Mouthwash is one of the most important ways of preserving oral health. It has been used for thousands of years by varying different cultures. Understanding how mouthwash is made and what ingredients are used is a great way of boosting your overall health. Even during ancient times, people realized that dental health was linked heavily with a person's overall health.
In this insightful look at the nature of mouthwash, you will get a detailed examination of the history of mouthwash, what items were once used to cleanse mouths, the ingredients used in modern mouthwash, and how it is manufactured and shipped. In this way, you can understand why it is so essential and can find a mouthwash that works the right for you.
A Look at the Origin of MouthwashMouthwash has a lengthy history that stretches back thousands of years. The earliest known form of mouthwash was created by the Romans in AD 1. They imported Portuguese water to cleanse their mouth of dangerous bacteria.
It its earliest stages, it is believed that strange forms of mouthwash included ingrdients such as tortoise blood, olive juice, myrrh, vinegar, and even mint. Many of these items we thought to help cleanse the mouth, but it wasn't until the 1800s that modern mouthwash was created.
The modern mouthwash was created to help with surgical procedures and as a way sanitize various surfaces. Due to its antiseptic properties, it was adapted for use as a mouthwash. While different brands and varieties will have slightly different ingredients, many share the same essential items.
Materials and Ingredients Used in MouthwashModern mouthwash is made out of a variety of different ingredients. The active ingredient in most is cetylpyridinium chloride. This item is designed to kill gingivitis and destroy plaque on a person's teeth. However, it also contains a variety of additional items. For example, it can often contain benzyl alcohol to eliminate bad breath.
Other items include mineral oil, water, phosphoric acid, potassium sorbate, sunflower seed oil, and beta-carotene. These items are help to preserve, but may also add health benefits. For example, sunflower seed oil has various vitamins and minerals that can help positively support a person's health.
Water makes up about 50 percent of a most mouthwash's chemistry. This water has been carefully treated and purified to eliminate unpleasant tastes and various particles. This process, known as de-ionization, creates a smooth taste and eliminates bacteria and other dangerous item. Popular flavors of mouthwash like peppermint or spearmint taste requires a small amount of flavoring to be added.
The Basic Manufacturing ProcessThe mouthwash manufacturing process uses a variety of techniques and quality-control methods. Many of these steps are carefully monitored by trained professionals who work to maintain a consistent mix in the mouthwash. Each step will be outlined below to give you an increased understanding of the process.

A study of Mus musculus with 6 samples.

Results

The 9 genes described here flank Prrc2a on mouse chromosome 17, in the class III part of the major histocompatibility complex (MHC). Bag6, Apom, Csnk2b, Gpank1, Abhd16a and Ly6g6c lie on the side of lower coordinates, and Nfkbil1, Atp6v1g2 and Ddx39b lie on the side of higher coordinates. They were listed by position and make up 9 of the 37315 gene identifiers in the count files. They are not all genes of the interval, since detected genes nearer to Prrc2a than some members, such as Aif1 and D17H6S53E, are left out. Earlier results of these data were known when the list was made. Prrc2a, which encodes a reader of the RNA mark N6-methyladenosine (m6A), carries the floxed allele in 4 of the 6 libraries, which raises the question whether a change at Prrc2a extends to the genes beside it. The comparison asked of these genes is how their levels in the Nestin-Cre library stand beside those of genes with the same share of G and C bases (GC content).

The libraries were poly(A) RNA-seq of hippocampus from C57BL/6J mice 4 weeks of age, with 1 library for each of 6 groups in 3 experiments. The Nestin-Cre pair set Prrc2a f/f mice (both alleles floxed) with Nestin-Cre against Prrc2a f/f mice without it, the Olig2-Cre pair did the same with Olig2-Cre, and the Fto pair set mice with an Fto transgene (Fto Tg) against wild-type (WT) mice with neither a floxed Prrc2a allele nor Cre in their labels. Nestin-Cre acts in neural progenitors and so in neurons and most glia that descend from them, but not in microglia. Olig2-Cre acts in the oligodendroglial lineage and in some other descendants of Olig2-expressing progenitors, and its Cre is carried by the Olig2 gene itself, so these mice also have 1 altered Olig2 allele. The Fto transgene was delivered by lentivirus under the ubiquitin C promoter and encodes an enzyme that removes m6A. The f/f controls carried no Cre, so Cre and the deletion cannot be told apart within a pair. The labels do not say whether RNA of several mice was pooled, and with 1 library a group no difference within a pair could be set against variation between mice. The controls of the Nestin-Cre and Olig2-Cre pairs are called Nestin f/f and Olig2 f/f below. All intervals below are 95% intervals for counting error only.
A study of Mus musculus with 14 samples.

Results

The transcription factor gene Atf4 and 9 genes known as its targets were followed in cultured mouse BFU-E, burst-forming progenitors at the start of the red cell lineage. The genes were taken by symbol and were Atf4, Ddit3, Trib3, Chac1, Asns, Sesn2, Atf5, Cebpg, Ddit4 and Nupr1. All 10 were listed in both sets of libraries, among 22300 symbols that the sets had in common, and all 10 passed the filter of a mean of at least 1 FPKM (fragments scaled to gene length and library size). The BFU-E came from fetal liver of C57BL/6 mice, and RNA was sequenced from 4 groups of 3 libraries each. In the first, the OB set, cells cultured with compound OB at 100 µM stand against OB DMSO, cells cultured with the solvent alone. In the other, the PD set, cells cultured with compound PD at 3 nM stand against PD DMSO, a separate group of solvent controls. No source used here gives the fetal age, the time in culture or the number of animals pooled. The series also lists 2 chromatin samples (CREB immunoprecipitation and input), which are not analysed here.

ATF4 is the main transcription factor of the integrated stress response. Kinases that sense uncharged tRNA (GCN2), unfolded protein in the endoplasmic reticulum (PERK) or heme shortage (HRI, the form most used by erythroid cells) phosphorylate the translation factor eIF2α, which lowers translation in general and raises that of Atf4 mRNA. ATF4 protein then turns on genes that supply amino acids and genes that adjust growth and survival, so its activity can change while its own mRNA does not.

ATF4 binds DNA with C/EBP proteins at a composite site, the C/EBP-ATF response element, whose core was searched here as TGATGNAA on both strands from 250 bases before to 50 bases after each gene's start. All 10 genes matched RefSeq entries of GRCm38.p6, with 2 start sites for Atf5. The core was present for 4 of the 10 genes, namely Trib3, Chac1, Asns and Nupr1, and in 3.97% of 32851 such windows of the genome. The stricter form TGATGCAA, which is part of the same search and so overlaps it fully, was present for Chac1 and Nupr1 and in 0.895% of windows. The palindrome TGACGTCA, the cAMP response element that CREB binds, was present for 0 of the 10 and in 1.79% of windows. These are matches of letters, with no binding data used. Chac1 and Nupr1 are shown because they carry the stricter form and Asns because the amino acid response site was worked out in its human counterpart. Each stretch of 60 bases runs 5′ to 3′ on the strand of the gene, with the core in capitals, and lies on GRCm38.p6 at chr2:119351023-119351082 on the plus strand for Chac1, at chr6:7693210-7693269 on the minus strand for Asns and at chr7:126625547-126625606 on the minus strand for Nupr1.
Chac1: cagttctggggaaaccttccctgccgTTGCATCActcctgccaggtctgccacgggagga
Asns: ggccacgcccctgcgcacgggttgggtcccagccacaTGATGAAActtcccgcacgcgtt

Pumping the Materials Into the TankThe first phase of this process involves pumping all of the ingredients from their storage areas into the mixing tank. This process is often automated with the use of process controls. As a result, dosing will be more efficient alongside the selection of proper industrial mixing equipment to insure the appropriate distribution of ingredients are occuring at the various required levels.
Once all the ingredients are gathered into the tank, they are mixed and allowed to settle for a period. The temperature is also carefully controlled during this process to blend it successfully. The average mouthwash manufacturing can take up to three hours for the mixing process to finish. Typically, once the batch has been fully mixed, a small sample is removed before it is bottled up.
Testing the SampleAfter the sample has been taken from the batch, it is sent to Quality Control. Here, the look and taste of the sample are tested by skilled technicians. They also gauge the pH level to ensure that it isn't too acidic. If the acid level is too high, the batch could cause damage to a person's teeth. While in the lab, the viscosity is also tested to ensure it isn't too thick.
If the sample does not meet expectations, it can be adjusted by adding the proper ingredients. For example, if the taste isn't potent enough, more flavoring can be added to it. Other steps include adding whatever ingredients are necessary to make the mouthwash meet exacting quality standards.
Bottling It UpAfter adjustments have been made to the mouthwash batch, it is pumped into bottles. The first step requires filling the bottle hopper up with empty containers. These bins are adjusted so that they land on the conveyor belt in an upright position. At this point, the belt takes them to the dispersal area where nozzles will pump each bottle with mouthwash.
These nozzles are carefully positioned so that each container gets filled up correctly. Before this step, there are a series of levers carefully adjusted to make sure it always dispenses the proper amount of mouthwash. The amount dispensed will be adjusted based on the size of the bottles.
After this point, the belt takes the bottles to both the capping and labeling machines. The last step before shipment is to box up the bottles and ship them out. Most boxes will be shipped to warehouses where they are stored until needed.